Hypocalcemia is defined as a total serum calcium concentration < 8.8 mg/dL (< 2.20 mmol/L) in the presence of normal plasma protein concentrations or as a serum ionized calcium concentration < 4.7 mg/dL (< 1.17 mmol/L). Reference ranges for serum calcium vary by age and sex. Hypocalcemia may be acquired or hereditary. Acquired causes include various illnesses, diet, medication, and surgery.
Hypoalbuminemia is the most common cause of hypocalcemia. Causes include cirrhosis, nephrosis, malnutrition, burns, chronic illness, and sepsis. This does not represent "true" hypocalcemia, because in most cases, ionized calcium is within normal ranges. In patients with hypoalbuminemia, the measured serum calcium concentration should be corrected for hypoalbuminemia.
The presentation of hypocalcemia varies widely, from asymptomatic to life-threatening. Hypocalcemia is frequently encountered in patients who are hospitalized. Depending on the cause, unrecognized or poorly treated hypocalcemic emergencies can lead to significant morbidity or death. Most cases of hypocalcemia are discovered by clinical suspicion and appropriate laboratory testing.
The treatment of hypocalcemia depends on the cause, severity, and presence of symptoms and how rapidly the hypocalcemia developed. Most cases of hypocalcemia are clinically mild and require only supportive treatment and further laboratory evaluation. Oral calcium repletion may be indicated for outpatient treatment of mild cases. On occasion, severe hypocalcemia may result in seizures; tetany; refractory hypotension; or arrhythmias that require a more aggressive approach, including intravenous infusions of calcium.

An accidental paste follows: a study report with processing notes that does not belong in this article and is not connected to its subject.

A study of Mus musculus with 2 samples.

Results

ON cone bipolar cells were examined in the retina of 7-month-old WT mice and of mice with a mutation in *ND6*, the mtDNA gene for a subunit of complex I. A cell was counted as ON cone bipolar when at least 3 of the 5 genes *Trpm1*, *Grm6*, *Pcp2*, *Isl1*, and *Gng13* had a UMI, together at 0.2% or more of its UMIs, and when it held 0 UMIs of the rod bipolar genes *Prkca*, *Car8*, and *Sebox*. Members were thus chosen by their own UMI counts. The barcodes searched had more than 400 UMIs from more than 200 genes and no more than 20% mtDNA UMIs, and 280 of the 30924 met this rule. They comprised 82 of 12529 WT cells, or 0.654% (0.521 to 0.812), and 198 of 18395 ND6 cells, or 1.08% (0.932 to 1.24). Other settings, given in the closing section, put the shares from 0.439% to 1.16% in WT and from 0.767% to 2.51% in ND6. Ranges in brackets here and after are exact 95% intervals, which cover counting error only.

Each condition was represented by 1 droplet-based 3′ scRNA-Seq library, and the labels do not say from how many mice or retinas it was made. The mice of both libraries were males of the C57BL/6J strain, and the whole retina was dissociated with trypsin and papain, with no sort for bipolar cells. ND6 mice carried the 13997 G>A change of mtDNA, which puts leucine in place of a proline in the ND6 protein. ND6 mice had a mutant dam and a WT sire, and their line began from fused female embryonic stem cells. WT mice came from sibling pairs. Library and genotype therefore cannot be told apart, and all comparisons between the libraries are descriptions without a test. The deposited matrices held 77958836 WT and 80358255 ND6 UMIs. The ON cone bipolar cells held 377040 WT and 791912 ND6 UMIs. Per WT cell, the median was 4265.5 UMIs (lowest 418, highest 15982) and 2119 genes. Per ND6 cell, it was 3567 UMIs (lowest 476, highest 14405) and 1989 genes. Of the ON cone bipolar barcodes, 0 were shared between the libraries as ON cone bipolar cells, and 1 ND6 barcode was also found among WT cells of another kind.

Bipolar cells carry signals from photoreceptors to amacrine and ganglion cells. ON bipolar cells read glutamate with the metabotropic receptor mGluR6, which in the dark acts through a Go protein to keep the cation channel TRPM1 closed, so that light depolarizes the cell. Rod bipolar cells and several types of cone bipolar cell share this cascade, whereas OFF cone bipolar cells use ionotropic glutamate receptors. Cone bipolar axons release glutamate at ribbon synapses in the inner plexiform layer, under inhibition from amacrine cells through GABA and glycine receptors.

Hypercalcemia can result when too much calcium enters the extracellular fluid or when calcium excretion from the kidneys is insufficient. Approximately 90% of cases of hypercalcemia are caused by hyperparathyroidism or cancer. The remaining 10% of cases of hypercalcemia are caused by many different conditions, including vitamin D–related problems; disorders associated with rapid bone turnover; thiazide use; renal failure; and, in rare cases, familial disorders.
Treatment of hypercalcemia includes:
Volume repletion with isotonic sodium chloride solution
Peritoneal dialysis or hemodialysis
Surgical correction of hyperparathyroidism
This Fast Five Quiz was excerpted and adapted from the Medscape Drugs & Diseases articles Hyponatremia, Hypernatremia, Hypokalemia, Hyperkalemia, Hypocalcemia, and Hypercalcemia.